Craig Johnson’s pretty-much-perfect The Skeleton Twins is about the reunion of a brother and sister. When they were young, their father committed suicide. Shortly afterward, their mother (Joanna Gleason) fled the wreckage to become a New Age charlatan in Sedona, Ariz.
Milo (Bill Hader) has just returned from Los Angeles for the first time in 10 years, hopelessly concealing his career as an actor-turned-waiter. Maggie (Kristen Wiig) is trying to keep a lid on her personal problems—mainly, a tendency to be a pushover for other men, even though she’s married to the too-nice Lance (Luke Wilson), who’s counting the days until she gets pregnant and he can become a dad.
The two lead performers have been on each other’s wavelength for years on SNL. And director Johnson gives them luxurious amounts of time to show what they can do. Just as Wiig and Hader’s rapport is marvelous to watch, it’s surprising how much the cinematographer Reed Morano excels on what must be a low budget. The locations here are suffused with slight mist—it’s Nyack, N.Y., sitting in for upstate, college-town New Hampshire. You have it both ways, enjoying the hundred little quaintnesses of the town, while registering the ambient disenchantment.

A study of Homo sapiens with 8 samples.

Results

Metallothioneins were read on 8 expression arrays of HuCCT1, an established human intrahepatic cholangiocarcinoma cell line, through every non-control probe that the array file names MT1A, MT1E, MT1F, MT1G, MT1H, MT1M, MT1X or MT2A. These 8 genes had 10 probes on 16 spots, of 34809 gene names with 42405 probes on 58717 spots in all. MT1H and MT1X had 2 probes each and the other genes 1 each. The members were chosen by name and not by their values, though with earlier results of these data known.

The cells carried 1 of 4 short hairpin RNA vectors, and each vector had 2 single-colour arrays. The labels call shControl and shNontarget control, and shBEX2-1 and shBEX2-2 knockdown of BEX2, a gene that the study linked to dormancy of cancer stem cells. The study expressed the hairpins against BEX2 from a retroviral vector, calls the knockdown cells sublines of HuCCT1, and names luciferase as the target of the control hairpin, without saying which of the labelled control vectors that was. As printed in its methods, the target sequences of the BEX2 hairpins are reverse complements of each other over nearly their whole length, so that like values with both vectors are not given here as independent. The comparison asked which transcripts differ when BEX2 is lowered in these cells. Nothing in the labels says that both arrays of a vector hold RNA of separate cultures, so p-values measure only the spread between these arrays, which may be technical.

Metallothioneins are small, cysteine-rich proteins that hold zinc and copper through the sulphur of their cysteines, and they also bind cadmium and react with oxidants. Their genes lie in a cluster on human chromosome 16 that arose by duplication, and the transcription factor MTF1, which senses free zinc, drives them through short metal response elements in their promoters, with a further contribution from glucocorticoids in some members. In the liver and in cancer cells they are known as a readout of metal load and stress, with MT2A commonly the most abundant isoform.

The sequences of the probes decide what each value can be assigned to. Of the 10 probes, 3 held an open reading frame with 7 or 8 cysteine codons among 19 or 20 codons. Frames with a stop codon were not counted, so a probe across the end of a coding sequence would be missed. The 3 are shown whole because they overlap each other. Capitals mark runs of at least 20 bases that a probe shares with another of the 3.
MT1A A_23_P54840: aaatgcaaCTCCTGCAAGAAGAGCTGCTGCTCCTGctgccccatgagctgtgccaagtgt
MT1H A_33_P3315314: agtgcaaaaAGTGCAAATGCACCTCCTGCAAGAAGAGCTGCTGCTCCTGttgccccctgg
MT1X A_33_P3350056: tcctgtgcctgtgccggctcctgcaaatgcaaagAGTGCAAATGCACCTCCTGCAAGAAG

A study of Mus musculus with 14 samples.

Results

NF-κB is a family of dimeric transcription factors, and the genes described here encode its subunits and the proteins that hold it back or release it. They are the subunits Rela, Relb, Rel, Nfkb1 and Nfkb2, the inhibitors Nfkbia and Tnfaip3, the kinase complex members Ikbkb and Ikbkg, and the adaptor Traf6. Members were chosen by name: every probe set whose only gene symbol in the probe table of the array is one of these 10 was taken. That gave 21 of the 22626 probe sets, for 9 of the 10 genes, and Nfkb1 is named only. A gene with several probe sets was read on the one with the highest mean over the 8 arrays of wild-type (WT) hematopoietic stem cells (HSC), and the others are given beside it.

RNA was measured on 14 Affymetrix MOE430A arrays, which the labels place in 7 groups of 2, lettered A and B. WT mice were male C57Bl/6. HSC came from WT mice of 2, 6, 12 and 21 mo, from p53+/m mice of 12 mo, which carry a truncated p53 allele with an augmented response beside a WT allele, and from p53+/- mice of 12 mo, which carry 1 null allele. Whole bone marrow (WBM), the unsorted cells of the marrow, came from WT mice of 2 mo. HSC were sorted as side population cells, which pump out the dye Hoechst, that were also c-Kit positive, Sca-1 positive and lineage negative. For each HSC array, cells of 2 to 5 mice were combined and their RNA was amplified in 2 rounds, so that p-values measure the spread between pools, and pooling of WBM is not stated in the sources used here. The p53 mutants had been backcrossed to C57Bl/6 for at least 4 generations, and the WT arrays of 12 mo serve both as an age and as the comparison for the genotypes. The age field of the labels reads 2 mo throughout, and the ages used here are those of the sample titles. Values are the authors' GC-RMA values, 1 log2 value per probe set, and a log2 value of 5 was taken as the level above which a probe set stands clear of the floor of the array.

And Wiig is stunning. The small, wry mouth twists beautifully with embarrassment, drunkenness and remorse. No one now—maybe no one ever—is as good with the big wince as Wiig.
In most markets, The Skeleton Twins will share its opening day with the almost look-alike This Is Where I Leave You. But there, the emphasis is on foaling the next generation.
The trailer’s big laugh about a couple overheard having sex: “Put a baby in me!” Moral: no matter how dysfunctional the milieu, a woman’s one road to happiness is getting her eggs fertilized pronto. Accept no substitutes: The Skeleton Twins has the feeling and humor and the heart.
‘The Skeleton Twins’ opens Thursday, Sept. 25, at Summerfield Cinemas,
551 Summerfield Rd. Santa Rosa. 707.522-0719.